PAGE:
Stock futures fall as unemployment claims rise, business activity in Europe drops

By Stephen Bernard, AP
Thursday, September 23, 2010

Stocks set to slide as unemployment claims rise

NEW YORK — Stocks were set to extend their recent slide Thursday after first-time claims for unemployment benefits rose last week, a further indication the economy remains weak.

Stock futures were also under pressure as major European indexes dropped after a closely watched reading on business activity in the 16 countries that use the euro declined more than expected. That reignited worries about the strength of Europe’s economy as it tries to recover from recession and many countries face debt problems. The euro also dropped against the dollar after the disappointing report.

Traders were disappointed to see first-time unemployment claims rise last week, breaking a recent trend of fewer people seeking benefits. The Labor Department said claims jumped by 12,000 last week and are still at levels that signal employers are not significantly adding new jobs.

Economists polled by Thomson Reuters forecast claims would remain unchanged compared with the prior week.

Claims had fallen consistently in recent weeks reducing worries that the economy might fall back into recession. Modest improvements in many economic reports this month were enough to drive stocks sharply higher in September. The Dow Jones industrial average has risen in 13 of the past 16 days, though a five-day winning streak was snapped Wednesday.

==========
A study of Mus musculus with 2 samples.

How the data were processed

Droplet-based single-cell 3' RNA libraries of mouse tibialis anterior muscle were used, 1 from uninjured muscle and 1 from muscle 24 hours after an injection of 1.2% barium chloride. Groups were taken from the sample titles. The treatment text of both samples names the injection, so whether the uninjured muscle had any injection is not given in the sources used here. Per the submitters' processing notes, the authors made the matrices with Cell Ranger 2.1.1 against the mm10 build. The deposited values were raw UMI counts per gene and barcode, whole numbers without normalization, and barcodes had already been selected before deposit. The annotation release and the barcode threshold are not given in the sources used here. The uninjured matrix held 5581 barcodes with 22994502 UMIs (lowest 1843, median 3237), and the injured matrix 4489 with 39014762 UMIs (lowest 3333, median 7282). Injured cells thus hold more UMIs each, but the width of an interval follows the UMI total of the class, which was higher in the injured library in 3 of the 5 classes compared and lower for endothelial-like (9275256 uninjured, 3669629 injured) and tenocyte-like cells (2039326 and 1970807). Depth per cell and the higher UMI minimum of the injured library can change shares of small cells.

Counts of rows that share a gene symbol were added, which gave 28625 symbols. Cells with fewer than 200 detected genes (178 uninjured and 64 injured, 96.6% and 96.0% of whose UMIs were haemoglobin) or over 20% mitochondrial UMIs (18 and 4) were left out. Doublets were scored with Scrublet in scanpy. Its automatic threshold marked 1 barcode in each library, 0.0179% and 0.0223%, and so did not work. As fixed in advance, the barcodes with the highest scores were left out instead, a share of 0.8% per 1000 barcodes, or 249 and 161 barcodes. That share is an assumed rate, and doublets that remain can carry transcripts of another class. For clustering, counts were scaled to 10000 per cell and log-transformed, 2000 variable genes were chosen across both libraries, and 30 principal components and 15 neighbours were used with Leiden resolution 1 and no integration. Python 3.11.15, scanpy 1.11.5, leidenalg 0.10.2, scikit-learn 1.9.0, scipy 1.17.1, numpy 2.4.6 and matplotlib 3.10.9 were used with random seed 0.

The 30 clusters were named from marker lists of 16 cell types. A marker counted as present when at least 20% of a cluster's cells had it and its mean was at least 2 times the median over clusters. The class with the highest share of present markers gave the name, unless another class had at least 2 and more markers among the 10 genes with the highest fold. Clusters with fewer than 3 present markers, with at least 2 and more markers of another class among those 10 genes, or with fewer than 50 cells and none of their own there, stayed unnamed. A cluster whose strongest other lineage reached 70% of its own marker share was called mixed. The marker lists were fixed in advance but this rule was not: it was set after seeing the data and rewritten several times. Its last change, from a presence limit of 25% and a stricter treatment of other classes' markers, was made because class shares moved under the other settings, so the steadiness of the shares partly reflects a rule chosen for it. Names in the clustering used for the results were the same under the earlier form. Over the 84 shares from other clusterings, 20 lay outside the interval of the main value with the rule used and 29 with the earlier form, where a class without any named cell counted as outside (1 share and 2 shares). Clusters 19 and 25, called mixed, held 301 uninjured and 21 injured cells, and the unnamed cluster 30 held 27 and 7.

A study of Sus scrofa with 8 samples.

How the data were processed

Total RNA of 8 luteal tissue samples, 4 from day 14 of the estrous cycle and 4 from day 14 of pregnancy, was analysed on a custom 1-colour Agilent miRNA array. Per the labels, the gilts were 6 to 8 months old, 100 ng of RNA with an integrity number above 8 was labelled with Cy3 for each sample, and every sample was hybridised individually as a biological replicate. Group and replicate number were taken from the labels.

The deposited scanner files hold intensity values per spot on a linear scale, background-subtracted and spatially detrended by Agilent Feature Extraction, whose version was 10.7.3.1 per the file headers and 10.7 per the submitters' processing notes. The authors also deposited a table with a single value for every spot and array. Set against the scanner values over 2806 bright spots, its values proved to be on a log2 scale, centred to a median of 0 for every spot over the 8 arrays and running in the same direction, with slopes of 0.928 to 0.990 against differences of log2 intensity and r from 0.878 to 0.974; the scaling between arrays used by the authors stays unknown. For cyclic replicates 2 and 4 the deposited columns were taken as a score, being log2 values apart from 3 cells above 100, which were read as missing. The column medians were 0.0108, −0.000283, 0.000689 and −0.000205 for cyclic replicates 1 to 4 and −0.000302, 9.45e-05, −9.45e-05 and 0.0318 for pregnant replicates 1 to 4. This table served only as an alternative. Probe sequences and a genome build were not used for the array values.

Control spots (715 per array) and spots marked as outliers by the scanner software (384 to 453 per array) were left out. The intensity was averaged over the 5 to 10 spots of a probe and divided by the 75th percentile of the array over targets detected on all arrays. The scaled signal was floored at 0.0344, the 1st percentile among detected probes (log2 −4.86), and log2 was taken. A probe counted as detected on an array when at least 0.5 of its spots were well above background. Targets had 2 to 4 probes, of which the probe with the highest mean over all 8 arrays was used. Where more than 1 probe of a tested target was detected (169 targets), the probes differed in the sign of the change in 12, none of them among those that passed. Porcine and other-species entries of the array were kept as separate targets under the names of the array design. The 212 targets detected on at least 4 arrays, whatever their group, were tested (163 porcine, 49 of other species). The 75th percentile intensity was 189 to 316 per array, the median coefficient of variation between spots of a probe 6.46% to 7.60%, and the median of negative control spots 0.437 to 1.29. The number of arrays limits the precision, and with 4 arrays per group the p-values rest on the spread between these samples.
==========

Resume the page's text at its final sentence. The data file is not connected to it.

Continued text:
Ahead of the opening bell, Dow Jones industrial average futures fell 79, or 0.7 percent, to 10,594. Standard & Poor’s 500 index futures fell 10.30, or 0.9 percent, to 1,119.50, while Nasdaq 100 index futures fell 13.50, or 0.7 percent, to 1,966.00.

A separate report Thursday is expected to show sales of existing homes rose about 6 percent in August from a 15-year low in July. The National Association of Realtors is expected to report sales of previously occupied homes rose to an annual rate of 4.1 million in August.

Bond prices rose for the third straight day as investors increasingly expect the Federal Reserve to restart a bond-buying program to help further stimulate the economy. The jobs report likely added to the expectations the Fed will step in to support growth.

The yield on the 10-year Treasury note, which moves opposite its price, fell to 2.51 percent from 2.55 percent late Wednesday. Its yield is often used as a benchmark to set interest rates on mortgages and other loans.

In corporate news, McDonald’s Corp. became the latest company to increase its dividend. The world’s biggest hamburger chain raised its dividend 11 percent, but its shares fell 28 cents to $74.85 in pre-opening trading.

Overseas, Britain’s FTSE 100 fell 1.3 percent, Germany’s DAX index dropped 1.1 percent, and France’s CAC-40 fell 1.6 percent. Japanese markets were closed for a holiday.